The fate of 27 constituencies that did not meet the population criteria in the 2012 boundary review now hangs in the balance after the Independent Electoral and Boundaries Commission (IEBC) said it will be open to change in the upcoming evaluation.
While the number of constituencies will still remain 290 — as stipulated in the Constitution — any alteration to constitutional boundaries will greatly change the political matrix ahead of the 2022 elections.
IEBC Chairman Wafula Chebukati yesterday said the boundaries will be reviewed after the March 24-25, 2019 census, which will determine the population required for a constituency to maintain its status.
The population of a constituency must be higher or lower than its quota by 40 per cent for cities and sparsely populated areas, and 30 per cent for other areas. The quota is arrived at by dividing the total population by the 290 constituencies.
During the last review, the population threshold was set at 133,000 people.
The review must be done at intervals of not less than eight years and not more than 12 years, but should be completed at least 12 months before members of Parliament are elected.
The 27 constituencies that were saved in 2012, but which face alterations in the next review are Lamu East, Lamu West, Mvita, Mwatate, Wundanyi, Voi, Bura, Galole, Ndaragwa, Tetu, Murkurweini, Othaya, Kangema, and Mathioya.
Others are Samburu East, Marakwet East, Keiyo North, Mogotio, Vihiga, Budalang’i, Isiolo South, Kilome, Laisamis, North Horr, Saku, and Mbeere North.
Meanwhile, Mr Chebukati has linked the attempt by two former IEBC commissioners to return to office to an audit of the 2017 election that came out last week.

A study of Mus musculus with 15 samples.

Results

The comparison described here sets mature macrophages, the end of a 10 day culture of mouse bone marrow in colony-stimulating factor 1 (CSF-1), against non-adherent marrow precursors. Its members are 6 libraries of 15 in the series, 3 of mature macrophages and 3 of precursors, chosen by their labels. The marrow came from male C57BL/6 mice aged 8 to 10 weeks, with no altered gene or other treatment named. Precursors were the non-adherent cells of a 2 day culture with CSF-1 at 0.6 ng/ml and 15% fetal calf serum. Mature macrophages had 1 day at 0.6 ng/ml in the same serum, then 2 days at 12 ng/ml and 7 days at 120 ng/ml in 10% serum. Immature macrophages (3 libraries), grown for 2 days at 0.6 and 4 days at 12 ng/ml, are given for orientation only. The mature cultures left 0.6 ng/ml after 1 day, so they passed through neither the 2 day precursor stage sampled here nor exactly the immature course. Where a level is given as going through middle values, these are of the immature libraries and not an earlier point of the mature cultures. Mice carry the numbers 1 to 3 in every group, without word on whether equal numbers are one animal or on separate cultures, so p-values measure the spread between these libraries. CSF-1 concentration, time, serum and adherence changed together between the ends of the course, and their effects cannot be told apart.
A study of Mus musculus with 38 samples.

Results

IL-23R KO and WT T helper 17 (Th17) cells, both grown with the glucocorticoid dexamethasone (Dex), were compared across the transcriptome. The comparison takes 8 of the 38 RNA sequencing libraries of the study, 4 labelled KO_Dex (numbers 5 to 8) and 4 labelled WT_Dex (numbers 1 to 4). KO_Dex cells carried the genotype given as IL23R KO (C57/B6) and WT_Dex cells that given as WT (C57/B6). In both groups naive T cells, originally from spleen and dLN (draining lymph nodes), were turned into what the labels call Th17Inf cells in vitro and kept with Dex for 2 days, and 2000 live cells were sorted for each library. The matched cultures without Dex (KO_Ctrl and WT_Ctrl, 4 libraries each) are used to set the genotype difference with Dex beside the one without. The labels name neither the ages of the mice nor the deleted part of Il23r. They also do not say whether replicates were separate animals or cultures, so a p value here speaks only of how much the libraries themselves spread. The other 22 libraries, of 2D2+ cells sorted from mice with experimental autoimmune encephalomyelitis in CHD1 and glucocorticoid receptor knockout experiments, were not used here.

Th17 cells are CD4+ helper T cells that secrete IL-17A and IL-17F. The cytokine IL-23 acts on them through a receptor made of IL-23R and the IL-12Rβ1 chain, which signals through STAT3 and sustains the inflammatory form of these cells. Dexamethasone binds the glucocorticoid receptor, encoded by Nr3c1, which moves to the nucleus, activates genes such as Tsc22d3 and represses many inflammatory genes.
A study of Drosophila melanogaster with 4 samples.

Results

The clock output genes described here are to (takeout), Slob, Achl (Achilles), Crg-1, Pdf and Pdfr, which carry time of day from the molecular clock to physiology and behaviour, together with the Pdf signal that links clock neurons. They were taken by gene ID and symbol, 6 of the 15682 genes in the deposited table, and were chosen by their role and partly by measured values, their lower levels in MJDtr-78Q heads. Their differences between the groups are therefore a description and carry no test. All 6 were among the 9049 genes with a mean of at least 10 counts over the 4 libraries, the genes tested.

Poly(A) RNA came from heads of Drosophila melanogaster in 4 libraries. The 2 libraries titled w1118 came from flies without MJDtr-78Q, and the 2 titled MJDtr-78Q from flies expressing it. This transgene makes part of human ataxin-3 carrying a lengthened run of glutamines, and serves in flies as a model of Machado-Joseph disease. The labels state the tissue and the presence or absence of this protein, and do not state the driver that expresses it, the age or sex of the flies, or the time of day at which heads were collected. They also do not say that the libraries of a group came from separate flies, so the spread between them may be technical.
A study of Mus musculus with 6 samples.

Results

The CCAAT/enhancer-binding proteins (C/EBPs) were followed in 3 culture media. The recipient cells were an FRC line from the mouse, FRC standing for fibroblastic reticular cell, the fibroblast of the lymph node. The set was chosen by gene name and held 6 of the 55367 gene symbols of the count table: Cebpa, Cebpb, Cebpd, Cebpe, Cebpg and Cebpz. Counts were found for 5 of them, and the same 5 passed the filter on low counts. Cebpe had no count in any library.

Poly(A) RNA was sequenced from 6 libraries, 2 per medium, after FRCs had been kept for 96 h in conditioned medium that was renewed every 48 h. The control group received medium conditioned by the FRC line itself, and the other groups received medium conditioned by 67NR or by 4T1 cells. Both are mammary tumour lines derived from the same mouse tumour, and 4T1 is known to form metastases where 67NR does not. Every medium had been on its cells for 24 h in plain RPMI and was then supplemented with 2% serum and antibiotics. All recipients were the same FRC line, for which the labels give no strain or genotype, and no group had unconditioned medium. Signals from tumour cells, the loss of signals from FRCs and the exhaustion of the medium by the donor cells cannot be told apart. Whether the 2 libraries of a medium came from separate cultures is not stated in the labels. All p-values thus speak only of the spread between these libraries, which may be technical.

“There are a lot of vested interests when it comes to the work of the commission. When they left, we came up with an audit of the 2017 election, and if you look at the time of their attempted return, just after we have finished the audit, you can draw some parallels there,” Mr Chebukati told NTV on Wednesday.
He said the audit had implicated some commissioners, whom he refused to name, in overpricing election materials.
He laughed off the attempts by former Vice-Chairperson Consolata Maina and commissioner Margaret Mwachanya to return to work as insincere. They both resigned in April alongside commissioner Paul Kurgat.
Ms Maina and Ms Mwachanya had on Friday last week and on Monday demanded to be allowed back to their offices, saying a High Court finding that their resignation was unprocedural allowed them back to work, a position Mr Chebukati completely rejects.
“We need to have men and women of honour in Kenya who, when they say something, they stick to it. You cannot say that since the President has not initiated processes to replace you then you are not out. No!” Mr Chebukati said.
“We are clear that these people are former commissioners. They have cleared with us, and that is it,” he said.
While he said he was not in a position “to know whether the president received the resignation letters”, the three commissioners had sworn in court that they had quit their jobs, and that, in itself, should suffice.